Speculative fiction is sometimes defined as a fanciful story based upon a what-if scenario. What if there was intelligent life on other planets? What if mankind could travel through time? What if dragons were real? Of course all fiction involves a certain element of speculation (what if a body were found in the Louvre along with a secret message?), but the genres that stroll beneath the Speculative umbrella usually step a little farther past the borders of mundane than others.
Fans of Christian speculative fiction like to point at some of the fantastic stories in the Bible as examples—and sometimes as justification, if a fellow-Christian condemns these literary flights of fancy. It’s true, the Bible does deal in supernatural happenings. But the difference between the talking animals of Narnia and Balaam’s donkey in Numbers 22:28-30 is obvious: Reepicheep is purely imaginary, whereas that donkey really did speak, just as Moses truly did part the sea, Elijah actually called down fire from heaven to ignite a soaking-wet sacrifice, and Jonah was, in fact, swallowed by a monstrous sea creature and vomited up three days later. Not everyone believes it, but this stuff’s not fiction. Even the wild scenes in the New Testament record of John’s Revelation are actual events, but indescribable ones, imperfectly explained as best John could.
It surprised me, then, to run across an example of genuine speculative fiction in the New Testament. I’d read the passage many times, and I expect you all have too, but I never thought of it in terms of fiction before. It’s found in Mark 12:18-27 (with a parallel in Luke 20:27-38).
A number of Sadducees (an ultra-conservative group that, among other things, rejected the concept of an eternal soul and the afterlife) came to Jesus with a speculative story and asked him to supply a logical ending for it based on his understanding of spiritual realities. Mark 12:18 and Luke 20:27 suggest that they intended to demonstrate the ridiculousness of any sort of resurrection of the soul. The scenario they spun was, to their minds, a fairy tale. Imagine their surprise when Jesus took it seriously.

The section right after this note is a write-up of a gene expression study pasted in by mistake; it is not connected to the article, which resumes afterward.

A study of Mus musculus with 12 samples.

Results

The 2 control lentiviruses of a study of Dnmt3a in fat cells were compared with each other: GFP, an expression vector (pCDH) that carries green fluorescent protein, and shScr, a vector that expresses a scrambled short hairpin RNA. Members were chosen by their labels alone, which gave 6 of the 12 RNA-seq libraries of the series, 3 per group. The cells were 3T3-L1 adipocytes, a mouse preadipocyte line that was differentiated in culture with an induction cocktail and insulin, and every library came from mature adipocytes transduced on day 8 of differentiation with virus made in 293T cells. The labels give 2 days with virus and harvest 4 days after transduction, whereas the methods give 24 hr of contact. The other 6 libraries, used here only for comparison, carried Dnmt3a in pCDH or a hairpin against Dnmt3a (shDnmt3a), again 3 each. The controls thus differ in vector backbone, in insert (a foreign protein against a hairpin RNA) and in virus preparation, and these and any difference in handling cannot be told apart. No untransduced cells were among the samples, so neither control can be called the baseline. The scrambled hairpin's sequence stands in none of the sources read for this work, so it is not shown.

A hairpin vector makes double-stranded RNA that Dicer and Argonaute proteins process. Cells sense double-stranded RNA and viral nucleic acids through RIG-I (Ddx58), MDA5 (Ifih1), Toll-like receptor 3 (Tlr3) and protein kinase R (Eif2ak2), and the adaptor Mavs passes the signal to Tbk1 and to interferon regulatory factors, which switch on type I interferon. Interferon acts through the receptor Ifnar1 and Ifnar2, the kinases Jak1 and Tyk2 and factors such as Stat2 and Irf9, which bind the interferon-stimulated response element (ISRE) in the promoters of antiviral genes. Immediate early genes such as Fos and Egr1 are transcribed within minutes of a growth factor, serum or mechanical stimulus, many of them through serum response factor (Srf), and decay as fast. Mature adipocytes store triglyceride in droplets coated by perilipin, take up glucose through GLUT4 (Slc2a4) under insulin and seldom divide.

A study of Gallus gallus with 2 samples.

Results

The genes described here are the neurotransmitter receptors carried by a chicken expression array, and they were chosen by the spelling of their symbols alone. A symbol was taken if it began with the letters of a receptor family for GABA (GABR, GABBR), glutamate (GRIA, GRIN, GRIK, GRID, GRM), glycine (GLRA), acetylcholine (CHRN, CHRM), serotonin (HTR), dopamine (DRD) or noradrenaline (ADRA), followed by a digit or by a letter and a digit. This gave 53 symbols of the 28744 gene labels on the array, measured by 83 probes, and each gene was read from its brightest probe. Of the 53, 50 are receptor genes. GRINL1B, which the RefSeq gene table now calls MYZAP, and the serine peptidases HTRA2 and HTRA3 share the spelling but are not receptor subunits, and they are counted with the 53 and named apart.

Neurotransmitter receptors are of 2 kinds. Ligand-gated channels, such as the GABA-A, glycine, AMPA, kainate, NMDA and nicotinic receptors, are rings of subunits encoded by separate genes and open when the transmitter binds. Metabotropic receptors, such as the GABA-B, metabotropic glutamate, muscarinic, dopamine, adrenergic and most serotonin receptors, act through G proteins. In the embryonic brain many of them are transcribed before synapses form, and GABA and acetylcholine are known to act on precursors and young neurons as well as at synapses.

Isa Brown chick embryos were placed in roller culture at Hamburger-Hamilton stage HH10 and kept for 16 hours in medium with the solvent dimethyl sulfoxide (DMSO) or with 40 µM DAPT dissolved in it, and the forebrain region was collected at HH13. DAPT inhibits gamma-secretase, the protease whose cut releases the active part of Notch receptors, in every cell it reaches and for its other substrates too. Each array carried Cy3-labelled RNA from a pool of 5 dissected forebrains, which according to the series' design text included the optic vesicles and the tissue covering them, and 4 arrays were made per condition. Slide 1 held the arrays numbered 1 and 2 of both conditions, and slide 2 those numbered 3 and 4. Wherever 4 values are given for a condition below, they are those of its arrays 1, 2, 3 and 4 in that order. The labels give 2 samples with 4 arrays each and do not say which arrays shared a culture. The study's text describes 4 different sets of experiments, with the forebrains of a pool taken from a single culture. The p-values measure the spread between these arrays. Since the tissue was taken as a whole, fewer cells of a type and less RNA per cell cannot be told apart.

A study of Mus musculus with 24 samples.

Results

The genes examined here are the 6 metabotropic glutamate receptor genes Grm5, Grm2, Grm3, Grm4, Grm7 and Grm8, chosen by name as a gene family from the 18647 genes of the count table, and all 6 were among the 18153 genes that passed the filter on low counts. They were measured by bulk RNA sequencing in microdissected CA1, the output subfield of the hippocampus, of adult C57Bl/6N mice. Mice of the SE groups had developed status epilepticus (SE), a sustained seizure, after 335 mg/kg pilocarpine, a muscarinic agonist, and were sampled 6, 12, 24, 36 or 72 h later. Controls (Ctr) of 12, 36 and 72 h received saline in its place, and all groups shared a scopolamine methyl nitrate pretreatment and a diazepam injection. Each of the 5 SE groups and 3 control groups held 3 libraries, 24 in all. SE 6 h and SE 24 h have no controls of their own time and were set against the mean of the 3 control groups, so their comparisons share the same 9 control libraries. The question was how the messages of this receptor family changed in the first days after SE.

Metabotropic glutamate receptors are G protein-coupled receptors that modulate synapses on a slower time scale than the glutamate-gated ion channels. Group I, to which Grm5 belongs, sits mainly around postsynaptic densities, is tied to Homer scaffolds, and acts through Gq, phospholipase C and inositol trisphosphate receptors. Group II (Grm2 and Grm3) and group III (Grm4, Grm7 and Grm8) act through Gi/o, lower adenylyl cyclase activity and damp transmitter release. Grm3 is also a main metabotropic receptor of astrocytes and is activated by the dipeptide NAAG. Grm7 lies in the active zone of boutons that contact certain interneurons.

He explained that, though it wouldn’t happen the way they told it, the resurrection was no fantasy. Moreover, he said the reason their story didn’t hold water was because they didn’t know the scriptures.
These guys were priests – lifelong students of the Law. They’d memorized massive portions of it, for crying out loud. How dare Jesus say they didn’t know the scriptures? He explained his reasoning at the end of Mark 12:24: they didn’t know the scriptures because they didn’t know the power of God.
Whoa, what was that again? Take careful note: They knew the words of scripture, but they didn’t know the scriptures—that is, recognize the truth behind the familiar words—because they didn’t know the power of God.
Many modern scholars make the same mistake. They try to interpret the Bible according to human understanding, forgetting that it’s God’s word, the record of God’s working in the world. Take the power of God from the Bible, and you’re left with a collection of fables. Such stories might be entertaining, but they’re irrelevant. If you accept the Bible for what it is, though, its truth can change lives, as the early church in Thessalonica demonstrated (1 Thessalonians 2:13).
I get the impression from this Q & A session between the Sadducees and Jesus that God isn’t fond of imaginings that fail to take his truth and his power into account. When we speculate about things that contradict the scriptures (say, for instance, ancient gods and goddesses joining forces with Jehovah, or people performing miracles through powers of their own), we betray our ignorance of God’s truth and invite his censure. Christian fiction should illustrate and glorify the truth, not draw our minds away from it.
Eve ran into trouble when she listened to the serpent’s question: Did God really say if you eat of that fruit, you’ll die? She allowed her mind to speculate: Did God really say that? Yes, he said it; but what did he mean? What might really happen if I taste it? Eve may have known the letter of God’s word, but she didn’t know the power of it. She didn’t acknowledge the authority of it.
I don’t mean to suggest that reading fictional scenarios that don’t jive with the Bible is quite on a par with eating forbidden fruit. I do think, though, that it might not be the wisest use of our time (Ephesians 5:15-17). Our imaginations are God-given, and I imagine God expects us to use them. But whatever we do, whether eating or drinking or reading or writing, we should do it with an eye toward God’s glory (1 Corinthians 10:31). And he isn’t glorified when his truth is sidestepped, distorted, or ignored.
(Staring vacantly at nothing, then looks up and realizes there’s an audience.) Oh! Don’t mind me—I’m just talking to myself here.